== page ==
So i was wondering (being from the least skiable part of Ontario), what are the proper dimensions for a perfect table. What r the angles of landing/takeoff. How long should the landing be in comparison to the length of the table/hit. what about a 1/4 pipe, or a good rail. Whats better for the skis, hard-plastic piping or metal piping. IF YOU DONT KNOW, TELL ME WHERE I MIGHT FIND THIS STUFF ON THE WEB.
for sksi plastic is better, but metal is more fun. Plastics for pussies. The perfect table to a nice drop table. Where the landing is like 10 feet lower than the take off. The flats of the table have to at least be 30 feet. And for a QP, you want the whole transition to be really smooth. But you only want like a foot of vert on the end. To much vert sucks.
why I ask is I know the owner of one of the local hills. He's lookin' for suggestions on what kind of jumps, and rails and shit to put in. One of the other local hills, on the other side of town has a pipe and a few tables. As well as a flat,metal, shotgun rail (which was the first rail I learned).
Me and freinds always find shit and rail in our back yard (like my neighbors boat launch, shool benches, and skateboard rails). The problem is my old skis got trashed from railing stuff. The edges popped out and shit. I got new skis in2001 but I dont want to ruin them.
make one table top like 20 feets so beginner can hit it without killing themselves.
make a medium one with a drop off
like top off tha take off three feet higher then tha flat opart which would be like 30 feet and make a 40 footer with tha take off like 6-10 feet higher then the flat
for tha quater pipe just make a goo tranni and maybe a feet of vert at the end
For tha rail, just make some small easy rail with two metal tubes and some small but technical shits like a 2 feet high curved rail and a small rainbow.
some sex changer are nice too
President of the crazed posting brother of NS.com
I'm feeling greeaaaattt!!!!
go to mammoth, they have the perfect jumps there.
I appreciate the input on jumps. I'm planing on making a homemade rail. At first I was thinking plastic, so that I didn't scratch and wear down my edges. Metal hurts your edges, but it doesn't really scratch your base. On the other hand, plastic wont wear down your edges, but it has more friction then the metal rails so it will prob wear down your base, which means you'd have to get your ski edges re-bevelled anyway. So what's the answer?
www.snowturbo.com has web links to the few reputable park/pipe/rail consultants in the industry. Also my Mammoth/June connection told me that some people down there have a rail building bussiness that makes everything from dinky little beginner jibs up to signature jibs designed by top Ski&Board pros. I checked there site but it isnt up yet. railbuilder.com just links back to project-snow from the snowturbo site. I'm certain your local mt can find the info they need from one of those websites.
unless you like arials their is no measurement for the perfect table top, I comes down to skill of the park rangers constructing them
rails at our local mountain, mt creek are sick, done by kurt heine, http://www.heinetools.com/
Proud Leader Of OA-a group for those addicted to oakley products.
It's all about preference, some people like steeper takeoffs so they fly higher but only like 30-40 feet while others like more gradual takeoffs so they fly 50-60 feet, and then there are the people who hit the steep takeoffs on huge tables, for that you also need steep landings so you don't wreck yourself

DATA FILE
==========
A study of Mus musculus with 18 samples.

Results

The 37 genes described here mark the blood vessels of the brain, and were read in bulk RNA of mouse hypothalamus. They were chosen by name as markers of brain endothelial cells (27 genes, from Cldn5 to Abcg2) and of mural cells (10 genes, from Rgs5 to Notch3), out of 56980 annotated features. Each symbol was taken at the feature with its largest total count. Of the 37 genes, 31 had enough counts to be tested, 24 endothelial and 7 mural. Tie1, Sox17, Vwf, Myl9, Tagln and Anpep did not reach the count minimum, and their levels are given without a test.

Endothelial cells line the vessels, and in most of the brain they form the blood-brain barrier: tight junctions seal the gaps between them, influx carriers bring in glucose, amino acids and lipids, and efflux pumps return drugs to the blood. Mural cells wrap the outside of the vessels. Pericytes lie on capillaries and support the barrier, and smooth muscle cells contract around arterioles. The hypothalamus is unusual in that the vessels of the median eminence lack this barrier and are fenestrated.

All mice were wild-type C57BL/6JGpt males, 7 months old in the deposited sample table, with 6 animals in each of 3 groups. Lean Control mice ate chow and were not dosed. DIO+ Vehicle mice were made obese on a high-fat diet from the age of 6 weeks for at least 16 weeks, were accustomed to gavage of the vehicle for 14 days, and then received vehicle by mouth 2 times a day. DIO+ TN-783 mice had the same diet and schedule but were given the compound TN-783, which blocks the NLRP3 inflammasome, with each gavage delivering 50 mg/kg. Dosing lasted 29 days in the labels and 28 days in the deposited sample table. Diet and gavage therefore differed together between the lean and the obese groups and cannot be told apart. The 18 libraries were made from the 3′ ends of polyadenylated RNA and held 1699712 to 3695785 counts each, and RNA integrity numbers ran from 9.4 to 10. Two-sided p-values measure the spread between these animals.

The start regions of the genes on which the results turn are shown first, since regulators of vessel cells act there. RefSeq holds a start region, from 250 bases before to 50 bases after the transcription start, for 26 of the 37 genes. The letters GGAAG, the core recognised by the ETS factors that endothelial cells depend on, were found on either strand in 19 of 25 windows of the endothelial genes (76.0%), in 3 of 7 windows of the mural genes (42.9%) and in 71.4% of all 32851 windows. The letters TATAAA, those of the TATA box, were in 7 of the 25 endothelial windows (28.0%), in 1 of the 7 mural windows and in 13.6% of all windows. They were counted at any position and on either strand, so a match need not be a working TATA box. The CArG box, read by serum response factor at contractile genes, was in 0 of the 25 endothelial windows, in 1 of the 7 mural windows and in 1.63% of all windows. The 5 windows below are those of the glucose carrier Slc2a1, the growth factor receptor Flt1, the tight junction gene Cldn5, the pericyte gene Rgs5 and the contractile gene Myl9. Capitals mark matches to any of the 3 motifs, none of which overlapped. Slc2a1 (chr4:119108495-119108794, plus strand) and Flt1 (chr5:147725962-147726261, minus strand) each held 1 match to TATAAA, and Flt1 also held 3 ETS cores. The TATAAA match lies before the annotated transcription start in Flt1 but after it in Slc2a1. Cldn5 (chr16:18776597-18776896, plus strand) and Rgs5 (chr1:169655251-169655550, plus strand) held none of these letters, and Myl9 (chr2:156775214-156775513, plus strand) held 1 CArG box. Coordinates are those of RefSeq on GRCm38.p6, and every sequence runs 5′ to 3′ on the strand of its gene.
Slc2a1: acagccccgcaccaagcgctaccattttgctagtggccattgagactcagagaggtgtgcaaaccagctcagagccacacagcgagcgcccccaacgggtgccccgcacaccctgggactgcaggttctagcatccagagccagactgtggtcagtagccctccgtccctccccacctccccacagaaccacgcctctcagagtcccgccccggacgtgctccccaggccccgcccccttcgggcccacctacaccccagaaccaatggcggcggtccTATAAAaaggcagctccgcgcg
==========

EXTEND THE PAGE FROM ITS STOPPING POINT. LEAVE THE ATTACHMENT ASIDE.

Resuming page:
^^^Drop into the Pipe and Smoke it^^^
(get really high)
My Neighbour's Dog has a 4 inch Clit
Quit Looking at Me SWAAAAANN! - Adam Sandler
like the guy above said, its all preferance, just make sure you have a landing that is steep enough for the jump, dont want a jump that launches you up with a flat landing
Make sure you have a lot of variety. People like to be able to hit small table every once in a while. I know I do. Also, have him build two tables about the same size right next to each other so people can transfer from the lip of one to the landing of the other. Thats something that not enough parks have.
flow is also very important in a park, dont make the jumps/rails to close or too far from each other. nice landings are always a plus also.. landing flat sucks
i like the jumps at mammoth and to me it seems like they have steeper more vert takeoffs than other places but they get you high and pop you.
the landings on the other hand are perfect thats what makes there park so nice the landings match the takeoffs.
that is real important.
you have to take a lot into consideration when building a jump.
how much speed u will have which is based on the steep of the hill the vert of the jump and how far the person will go.
Mammoth seems to have long landings that are mellow and long while still being steep.
A lot of that has to do with how much snow u have.
It seems to me the higher up the jump is built up the better you can mak the landing.
If you lack snow i would use the natural slope of the hill to help with the landing.
Thats just what i have noticed skiing about 7 different places with different conditions and different parks.
I can understand what u mean by having long landings. Last year me and the boys built what was a hand bmade table by building a jump right before a major roll in the run. just like a table it had a flat top, and a nice landing, but it was too short. occasionally we would over shoot it and that hurts like a bitch.